The Wine Coach: Wine drinker’s demographics, do you fit in?

Are you normal, or a ‘special’ wine consumer?

Editor’s Note: Today marks the debut of Brian Gurham, who will be writing monthly on wine topics. He’s one of the region’s top experts and writers on various topics related to wine, wine appreciation and related issues. And he’s a very entertaining read. We hope you enjoy his insights.

By Brian Gurnham, Columnist, The Times

BGurhhamColHedEver wonder how your wine drinking habits fit in with the “norm” whatever that is?  Here are a couple observations that might indicate if you are north of the “average” American wine consumer.

1 – Inspect your neighbors recycle bins on trash day.  Do you have the greatest number of empty wine bottles of anyone?

2 – When you walk into your favorite wine shop do the owners greet you as if you were on an episode of Cheers?

3 – Tell stories at a party about the night you opened six different bottles of Chardonnay, looking for the one with perfect balance.  Does everyone stare at you like you might have been exposed to Ebola?

4 – When you are in the checkout line at your local wine shop with your regular ration of vino, does the person behind you ask “where’s the party?”

5 – Do you believe that a good cause for celebrating with wine is any day that ends with a “Y”?

If you answered yes to more than one or two, there is a good chance you are helping contribute to the growth in consumption, and average price paid, by the American wine consumer.  A recently published report from Wine Intelligence USA can help you determine where you fit in the broad spectrum of the wine consuming public.  The report cites an increase of 10 million wine consumers in the United States over the past two years, a nearly 40% increase.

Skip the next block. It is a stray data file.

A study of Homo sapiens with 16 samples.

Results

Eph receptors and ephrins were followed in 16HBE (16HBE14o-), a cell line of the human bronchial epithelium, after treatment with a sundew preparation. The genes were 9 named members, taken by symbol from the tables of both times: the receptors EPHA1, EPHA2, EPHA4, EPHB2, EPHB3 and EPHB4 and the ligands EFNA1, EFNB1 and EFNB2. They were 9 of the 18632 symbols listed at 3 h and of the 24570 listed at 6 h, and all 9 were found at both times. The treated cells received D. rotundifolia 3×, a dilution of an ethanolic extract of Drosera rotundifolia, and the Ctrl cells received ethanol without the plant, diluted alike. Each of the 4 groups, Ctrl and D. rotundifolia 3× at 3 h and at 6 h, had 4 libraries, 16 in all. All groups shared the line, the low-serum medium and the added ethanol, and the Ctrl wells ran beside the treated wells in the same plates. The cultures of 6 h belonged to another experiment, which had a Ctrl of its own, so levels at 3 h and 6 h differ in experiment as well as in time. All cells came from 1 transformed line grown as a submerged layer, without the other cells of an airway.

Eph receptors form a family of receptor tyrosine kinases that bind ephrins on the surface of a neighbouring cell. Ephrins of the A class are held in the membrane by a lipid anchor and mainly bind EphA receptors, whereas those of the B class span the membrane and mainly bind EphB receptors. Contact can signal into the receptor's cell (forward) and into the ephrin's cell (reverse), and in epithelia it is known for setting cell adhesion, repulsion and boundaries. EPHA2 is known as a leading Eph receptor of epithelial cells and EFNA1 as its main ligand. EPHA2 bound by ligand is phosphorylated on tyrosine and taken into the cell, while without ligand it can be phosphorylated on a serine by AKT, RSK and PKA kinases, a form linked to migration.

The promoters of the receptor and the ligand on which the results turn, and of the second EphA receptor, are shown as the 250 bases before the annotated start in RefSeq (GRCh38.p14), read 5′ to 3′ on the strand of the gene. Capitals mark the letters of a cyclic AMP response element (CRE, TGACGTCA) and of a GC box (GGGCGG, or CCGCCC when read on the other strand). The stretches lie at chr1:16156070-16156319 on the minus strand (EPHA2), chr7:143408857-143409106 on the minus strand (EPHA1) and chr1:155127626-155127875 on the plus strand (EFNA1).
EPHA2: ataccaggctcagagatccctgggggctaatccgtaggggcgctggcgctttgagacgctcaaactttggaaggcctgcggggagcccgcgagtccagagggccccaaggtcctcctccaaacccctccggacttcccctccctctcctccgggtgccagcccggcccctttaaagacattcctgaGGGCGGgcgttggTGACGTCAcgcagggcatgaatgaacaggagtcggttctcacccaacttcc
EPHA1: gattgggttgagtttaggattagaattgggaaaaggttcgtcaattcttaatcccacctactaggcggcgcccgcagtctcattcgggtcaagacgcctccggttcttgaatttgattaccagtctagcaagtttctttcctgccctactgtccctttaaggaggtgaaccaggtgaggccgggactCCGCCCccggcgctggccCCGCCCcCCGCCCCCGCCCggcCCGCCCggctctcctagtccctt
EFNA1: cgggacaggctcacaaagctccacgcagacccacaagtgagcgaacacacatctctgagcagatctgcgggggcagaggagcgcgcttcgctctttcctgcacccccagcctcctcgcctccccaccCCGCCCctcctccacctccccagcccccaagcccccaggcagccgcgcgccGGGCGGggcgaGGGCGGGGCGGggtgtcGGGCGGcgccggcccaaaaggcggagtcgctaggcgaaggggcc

How much are people drinking?  Per capita consumption in 2012 was estimated at 10.42 liters per capita, which equates to roughly 14 bottles (750ml) a year.  This statistic is however, based on total United States population of nearly 318 million.  Adjust to the 91 million wine consumers and the rate becomes 36.5 liters, 49 bottles per year, or basically a bottle a week.  Now I don’t know about you, but personally I am helping this average.  Compare this to France where the rate is more like 4-5 bottle per week and we look like teetotalers.  Also according to the Wine Market Council, 57% of all wine drinkers are “core” drinkers, accounting for 93% of all wine consumption.  Now I’m starting to feel at home.

What do you drink?  Well somewhat to my surprise, the average price paid for a bottle of wine is under $7.  I guess this is plausible when you look at all of the Yellow Tail, Canyon Oaks, Woodbridge, Pacific Peak, Sutter Home, Beringer and Arbor Mist wine occupying wine store shelves, but I confess I have yet to find much quaffable at under $10, proving once again the adage – don’t confuse good wine with wine that sells.

How old are you? I know that’s none of my business, but it is of utmost importance to wine marketers. The most significant increase in wine consumers was among the Millennials – the under 35 crowd.  While Baby Boomers still constitute the largest group, the number and average paid per bottle are both declining as age and fixed incomes catch up on us.

A final observation in the report is the increasing role of craft beer and spirits adding to the mix of alcoholic alternatives.  36 percent of regular wine drinkers now include craft beer in their repertoire.

So what constitutes an average wine consumer?  If you take data literally you would be either a Millennial or Baby Boomer, spend no more than $7 on average for a bottle of wine and drink a bottle a week.  Chances are if you read this far in the article this is not you.  But that’s OK, some of us enjoy being in a minority, even if that minority consists of millions of other wine lovers.


Brian Gurnham is a Certified Specialist of Wine, owner of, teaches wine appreciation classes, and is a part time wine team member at Total Wine in Claymont, DE,  He has travelled to many of the world’s most famous wine regions, most recently France’s Loire Valley this past summer.

Brian and his wife Lois live in Kennett Square.